Forbidden Fruit Under the Great Wall


Editorial Review

A love story's imposing backdrop

By Lisa Traiger
Friday, December 10, 2010

Initially built to keep invaders out, China's Great Wall has in recent years become a symbol of the once-closed nation's nascent emergence onto the world stage - at least in the view of one Chinese choreographer, Zhang Jigang, whose eye-popping extravaganza "Forbidden Fruit Under the Great Wall" has its American debut Friday at the Kennedy Center.

Written and choreographed by Zhang, one of the directors of the opening and closing ceremonies at the 2008 Beijing Olympics, "Forbidden Fruit" features 65 Chinese folk dancers from the China Shanxi Performing Arts Academy, one of the nation's top academic arts institutions. The five-part drama is drawn from folk tales of the northern province of Shanxi, one of China's wealthiest regions, known as a center of banking, trade and coal mining.

On stage, the Great Wall serves as an imposing backdrop for the production, which tells a tragic tale of young lovers at the turn of the 20th century who are not permitted to marry because of class differences. There's a touch of "Romeo and Juliet," along with an evil insider who provides "Hamlet"-like intrigue. The symphonic music alludes to melodies and scales from the Shanxi province, and the folk-influenced dances attain a grandeur and synchronicity.

The Great Wall represents both China's feudal past and its growing acceptance of modernity and outside influences. "The Jin [Shanxi] merchants normally went out to the Great Wall to do business outside of China," Chang Bailing, deputy director of the China Performing Arts Agency, which is taking "Forbidden Fruit" on tour, said through an interpreter. "This performance represents not only a crossroads of the business of all of China, it also demonstrates a merging of cultures, both different Chinese cultures and outside cultures."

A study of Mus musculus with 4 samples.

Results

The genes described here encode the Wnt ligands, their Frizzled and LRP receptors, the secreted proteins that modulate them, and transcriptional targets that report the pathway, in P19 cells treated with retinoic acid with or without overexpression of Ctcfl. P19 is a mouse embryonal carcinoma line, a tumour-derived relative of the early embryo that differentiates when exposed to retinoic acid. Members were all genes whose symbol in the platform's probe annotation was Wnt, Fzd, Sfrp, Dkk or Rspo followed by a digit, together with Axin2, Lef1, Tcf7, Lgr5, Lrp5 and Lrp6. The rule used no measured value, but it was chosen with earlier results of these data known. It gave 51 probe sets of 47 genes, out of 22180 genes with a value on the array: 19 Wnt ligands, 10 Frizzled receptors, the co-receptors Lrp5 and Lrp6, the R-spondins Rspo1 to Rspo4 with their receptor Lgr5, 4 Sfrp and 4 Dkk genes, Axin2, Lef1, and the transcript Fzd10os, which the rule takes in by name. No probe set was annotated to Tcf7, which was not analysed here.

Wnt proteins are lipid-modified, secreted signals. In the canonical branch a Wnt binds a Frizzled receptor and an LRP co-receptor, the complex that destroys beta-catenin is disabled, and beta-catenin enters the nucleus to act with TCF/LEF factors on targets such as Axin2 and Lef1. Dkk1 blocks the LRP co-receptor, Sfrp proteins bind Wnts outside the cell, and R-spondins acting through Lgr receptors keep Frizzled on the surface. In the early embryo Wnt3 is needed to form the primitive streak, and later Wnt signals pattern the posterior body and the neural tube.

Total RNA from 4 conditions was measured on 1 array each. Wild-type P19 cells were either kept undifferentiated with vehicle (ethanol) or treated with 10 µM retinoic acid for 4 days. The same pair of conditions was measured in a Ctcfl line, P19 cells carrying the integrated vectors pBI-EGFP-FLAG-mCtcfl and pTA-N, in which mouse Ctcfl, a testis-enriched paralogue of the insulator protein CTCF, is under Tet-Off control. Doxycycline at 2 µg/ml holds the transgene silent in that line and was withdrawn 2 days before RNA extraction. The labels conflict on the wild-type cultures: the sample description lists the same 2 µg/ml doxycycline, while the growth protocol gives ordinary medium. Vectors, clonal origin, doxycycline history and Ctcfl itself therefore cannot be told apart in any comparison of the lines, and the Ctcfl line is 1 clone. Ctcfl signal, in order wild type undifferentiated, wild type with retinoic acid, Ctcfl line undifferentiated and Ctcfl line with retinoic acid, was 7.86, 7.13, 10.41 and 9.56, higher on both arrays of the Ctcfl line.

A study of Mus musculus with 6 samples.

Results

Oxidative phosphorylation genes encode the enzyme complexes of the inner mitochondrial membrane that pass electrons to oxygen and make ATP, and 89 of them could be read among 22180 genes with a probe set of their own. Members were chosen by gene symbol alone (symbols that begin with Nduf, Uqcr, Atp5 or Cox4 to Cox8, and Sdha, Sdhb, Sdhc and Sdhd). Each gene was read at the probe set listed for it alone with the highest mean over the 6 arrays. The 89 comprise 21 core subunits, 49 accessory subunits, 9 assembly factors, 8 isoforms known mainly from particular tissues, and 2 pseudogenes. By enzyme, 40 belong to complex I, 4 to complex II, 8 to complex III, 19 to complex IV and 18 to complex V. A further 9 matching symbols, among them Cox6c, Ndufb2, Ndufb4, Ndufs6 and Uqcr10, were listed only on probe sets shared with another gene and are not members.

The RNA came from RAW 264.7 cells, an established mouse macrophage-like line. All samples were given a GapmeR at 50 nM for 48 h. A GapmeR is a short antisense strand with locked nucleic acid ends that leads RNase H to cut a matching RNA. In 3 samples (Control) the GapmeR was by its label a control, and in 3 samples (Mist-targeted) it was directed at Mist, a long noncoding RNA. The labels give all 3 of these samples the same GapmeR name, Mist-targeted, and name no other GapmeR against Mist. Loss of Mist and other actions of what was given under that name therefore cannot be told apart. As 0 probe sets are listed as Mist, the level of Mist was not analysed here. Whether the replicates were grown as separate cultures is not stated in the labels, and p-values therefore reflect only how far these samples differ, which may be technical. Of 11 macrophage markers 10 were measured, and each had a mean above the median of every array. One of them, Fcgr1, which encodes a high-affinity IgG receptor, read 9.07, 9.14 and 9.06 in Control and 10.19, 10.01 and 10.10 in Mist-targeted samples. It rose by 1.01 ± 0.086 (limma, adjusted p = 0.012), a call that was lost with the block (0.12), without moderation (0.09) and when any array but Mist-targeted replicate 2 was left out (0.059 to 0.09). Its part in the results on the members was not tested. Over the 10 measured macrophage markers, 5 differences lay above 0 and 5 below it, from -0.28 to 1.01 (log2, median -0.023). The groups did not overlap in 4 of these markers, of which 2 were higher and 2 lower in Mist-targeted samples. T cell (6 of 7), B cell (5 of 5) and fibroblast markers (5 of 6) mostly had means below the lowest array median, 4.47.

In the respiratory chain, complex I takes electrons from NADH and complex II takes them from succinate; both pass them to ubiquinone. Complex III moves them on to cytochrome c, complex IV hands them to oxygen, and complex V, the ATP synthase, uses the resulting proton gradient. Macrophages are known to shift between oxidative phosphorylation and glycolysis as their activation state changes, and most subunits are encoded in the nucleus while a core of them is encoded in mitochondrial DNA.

The wall also represents the Chinese people's fascination with large crowds, outsize experiences and operatically grand performances. "The reason can be classified into several parts," Chang noted. "First, we have a large population, and in Chinese views, the more people means more grandeur. Second, Chinese people prefer joyful life and the more people [involved] means much more fun, much more activities and a more active life. And then when we have many more people [on stage], the choreographer can use them in visual patterns to [create] much more stage effects.

"This is a very typical Chinese dance drama," Chang added. "We hope the audience will love and enjoy the show. Of all the arts, we chose a dance drama because dance is a universal language."